The stricken Costa Concordia cruise liner could be upright again next week, nearly two years after she capsized on the rocky shore of the Tuscan island of Giglio.
The ship struck a rock and tumbled on its side on Jan. 13, 2012, after captain Francesco Schettino allegedly drove it on an unauthorized route too close to shore, ripping a huge gash in the hull. More than 4,200 people were aboard, and 32 people died.
Weather permitting, the 114,500-ton ship will be raised next week. The $800-million project is considered to be one of the largest, most expensive and most daunting salvage operation in history.
The project began with securing the rusting wreck, which is sitting on two spurs of rock just off land.
In order to prevent any slipping or sinking along the steep seabed, four submarine anchor blocks are fixed to the sea bottom between the center of the wreck and the coast.
Twelve retaining turrets were installed for use during the righting of the wreck. Jacks, individually controlled by computers and mounted on the tops of the turrets, have been attached to 24 chains (two per turret) that pass under the hull and are fixed to the port side of the wreck.
After it's been rotated, the wreck will rest on a false sea bottom. It consists of giant cement sacks used to fill the space between the two spurs of rock on which the ship rests.
Three large platforms and three smaller ones have been fixed into the granite ground by drilling 6-foot holes.
A crane has installed 15 refloating caissons on the side of the ship that's above water.
Filled with water, the caissons will help pull the ship upright.
To right the ship, jacks have been attached to the caissons.
The jacks will tighten several cables attached to the top of the caissons and to the platforms, which will be pulled seaward.
On the other side, cables attached to the land will ensure the ship does not slide off the platform.
“This is a very delicate phase, during which the forces involved have to be offset carefully to rotate the wreck without deforming the hull,” Titan said.
When the ship is upright, other caissons will be fixed to the other side of the hull to stabilize it.
At the end of the emptying process, the Concordia will be upright, although a section of about 60 feet will remain submerged.
Sandwiched between the caissons, the ship will be towed to an Italian port for dismantling in spring 2014.
Soon after it left the Port of Oakland, California, in February 2004, the shipping vessel Med Taipei hit a strong winter storm with violent 30-foot-high (9 meters) swells. Amid rolling waves, 15 shipping containers came loose and toppled overboard, sinking to the icy seafloor inside the Monterey Bay National Marine Sanctuary.
Just four months later, scientists surveying the seafloor with an underwater robot found one of those lost containers nearly 4,200 feet (1,300 m) below the surface. They turned their chance discovery into an opportunity to study how aquatic life reacts to deep-sea pollution.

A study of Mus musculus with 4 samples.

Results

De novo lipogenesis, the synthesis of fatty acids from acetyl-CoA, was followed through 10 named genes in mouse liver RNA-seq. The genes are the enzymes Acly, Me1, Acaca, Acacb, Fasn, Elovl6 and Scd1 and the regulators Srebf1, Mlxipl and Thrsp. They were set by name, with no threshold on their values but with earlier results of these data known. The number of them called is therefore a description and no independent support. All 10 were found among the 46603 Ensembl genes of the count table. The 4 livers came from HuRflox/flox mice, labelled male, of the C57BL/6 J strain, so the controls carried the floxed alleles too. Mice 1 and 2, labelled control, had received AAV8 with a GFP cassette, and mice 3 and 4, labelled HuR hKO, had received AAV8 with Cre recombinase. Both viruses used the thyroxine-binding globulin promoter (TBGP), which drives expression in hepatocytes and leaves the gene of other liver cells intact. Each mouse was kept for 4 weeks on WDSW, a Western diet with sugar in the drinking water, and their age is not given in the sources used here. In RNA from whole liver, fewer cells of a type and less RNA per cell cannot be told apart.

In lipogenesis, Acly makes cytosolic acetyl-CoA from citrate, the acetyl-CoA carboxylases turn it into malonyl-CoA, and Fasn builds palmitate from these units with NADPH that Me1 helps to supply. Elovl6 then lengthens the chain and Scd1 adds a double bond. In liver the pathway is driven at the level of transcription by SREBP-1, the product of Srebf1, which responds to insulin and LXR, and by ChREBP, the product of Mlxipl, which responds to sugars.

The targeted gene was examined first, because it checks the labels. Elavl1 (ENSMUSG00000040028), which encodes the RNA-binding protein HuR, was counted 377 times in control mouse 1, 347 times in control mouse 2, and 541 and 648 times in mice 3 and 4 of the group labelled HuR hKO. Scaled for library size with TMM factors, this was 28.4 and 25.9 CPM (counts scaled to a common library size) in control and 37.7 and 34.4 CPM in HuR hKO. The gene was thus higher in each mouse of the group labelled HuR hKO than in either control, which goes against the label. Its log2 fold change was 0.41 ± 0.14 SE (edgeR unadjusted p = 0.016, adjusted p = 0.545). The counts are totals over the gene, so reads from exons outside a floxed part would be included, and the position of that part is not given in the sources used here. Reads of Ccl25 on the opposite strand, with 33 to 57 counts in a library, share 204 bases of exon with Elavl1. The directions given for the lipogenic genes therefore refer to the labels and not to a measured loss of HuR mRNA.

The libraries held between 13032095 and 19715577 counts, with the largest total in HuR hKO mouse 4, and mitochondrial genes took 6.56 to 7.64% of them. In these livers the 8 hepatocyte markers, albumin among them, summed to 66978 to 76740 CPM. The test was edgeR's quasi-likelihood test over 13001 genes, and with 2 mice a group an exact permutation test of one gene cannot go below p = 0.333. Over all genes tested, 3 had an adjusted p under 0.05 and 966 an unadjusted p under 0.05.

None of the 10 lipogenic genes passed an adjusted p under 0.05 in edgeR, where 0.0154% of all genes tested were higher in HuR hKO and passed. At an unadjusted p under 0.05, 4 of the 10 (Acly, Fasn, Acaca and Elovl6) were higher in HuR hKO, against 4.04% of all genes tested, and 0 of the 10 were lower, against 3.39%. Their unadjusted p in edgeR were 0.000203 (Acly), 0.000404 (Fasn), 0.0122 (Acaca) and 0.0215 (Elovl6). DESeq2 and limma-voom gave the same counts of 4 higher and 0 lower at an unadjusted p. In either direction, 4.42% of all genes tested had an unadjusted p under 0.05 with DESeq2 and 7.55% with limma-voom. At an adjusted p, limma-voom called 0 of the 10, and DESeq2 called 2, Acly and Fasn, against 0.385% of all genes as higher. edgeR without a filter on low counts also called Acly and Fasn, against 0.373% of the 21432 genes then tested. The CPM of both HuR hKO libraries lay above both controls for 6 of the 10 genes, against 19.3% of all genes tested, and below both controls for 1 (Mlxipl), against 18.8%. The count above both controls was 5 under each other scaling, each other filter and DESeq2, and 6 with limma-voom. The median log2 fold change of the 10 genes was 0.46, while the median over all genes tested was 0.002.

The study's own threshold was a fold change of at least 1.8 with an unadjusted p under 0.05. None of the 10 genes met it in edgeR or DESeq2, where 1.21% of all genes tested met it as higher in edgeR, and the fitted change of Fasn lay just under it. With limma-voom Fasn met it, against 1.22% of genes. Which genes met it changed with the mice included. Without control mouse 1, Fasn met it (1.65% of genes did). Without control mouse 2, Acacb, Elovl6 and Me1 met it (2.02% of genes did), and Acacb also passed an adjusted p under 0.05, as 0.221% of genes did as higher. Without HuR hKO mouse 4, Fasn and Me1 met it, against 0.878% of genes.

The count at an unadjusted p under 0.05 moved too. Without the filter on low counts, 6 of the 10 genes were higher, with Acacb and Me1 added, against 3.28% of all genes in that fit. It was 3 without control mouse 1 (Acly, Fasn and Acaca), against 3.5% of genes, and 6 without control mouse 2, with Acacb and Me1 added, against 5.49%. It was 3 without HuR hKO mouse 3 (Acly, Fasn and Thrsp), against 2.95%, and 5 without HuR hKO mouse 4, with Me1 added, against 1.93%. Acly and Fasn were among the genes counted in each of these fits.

Ninety percent of the world's goods are transported by ship, and inevitably hundreds, maybe thousands, of containers fall overboard each year. Lost containers have caused some strange objects from Legos to hockey gloves to wash ashore on beaches around the globe. The Med Taipei container was transporting 1,159 steel-belted car tires. But not all containers hold such innocuous goods. Some carry batteries, pesticides and industrial chemicals that could be toxic to marine life. The boxes themselves might even be made of hazardous materials. [Photos: Trash Litters Deep Seafloor]
Researchers from the Monterey Bay Aquarium Research Institute (MBARI) deployed a remotely operated vehicle, or ROV, to collect video footage and seafloor samples from the sunken container site in March 2011.
The container, which had barely corroded, seemed to have a mixed effect on the local marine environment. For some animals, the box acted like an artificial reef. Creatures like tubeworms, top snails and scallops readily fixed themselves to the container, but the diversity of animals was actually lower around the hard surface of the box than the muddy seafloor, the scientists found. Jutting out of an otherwise flat seafloor, the container seemed to alter local bottom currents and attract predators, which could affect the distribution of animals.
"We have only begun to characterize the potential long term impacts of a single container on a deep-sea community," MBARI researcher Josi Taylor said in a statement. "Although the effects of one container may seem small, the thousands of shipping containers lost on the seafloor each year could eventually become a significant source of pollution for deep-sea ecosystems."
The researchers say further monitoring should help them assess how these localized changes play out in the long-term and whether the container's toxicity will prevent future communities of animals from colonizing the site. The team is awaiting the results of samples from a follow-up ROV dive in December 2013 to study possible effects of the container's coating, MBARI officials said.
The findings were published this month in the Marine Pollution Bulletin.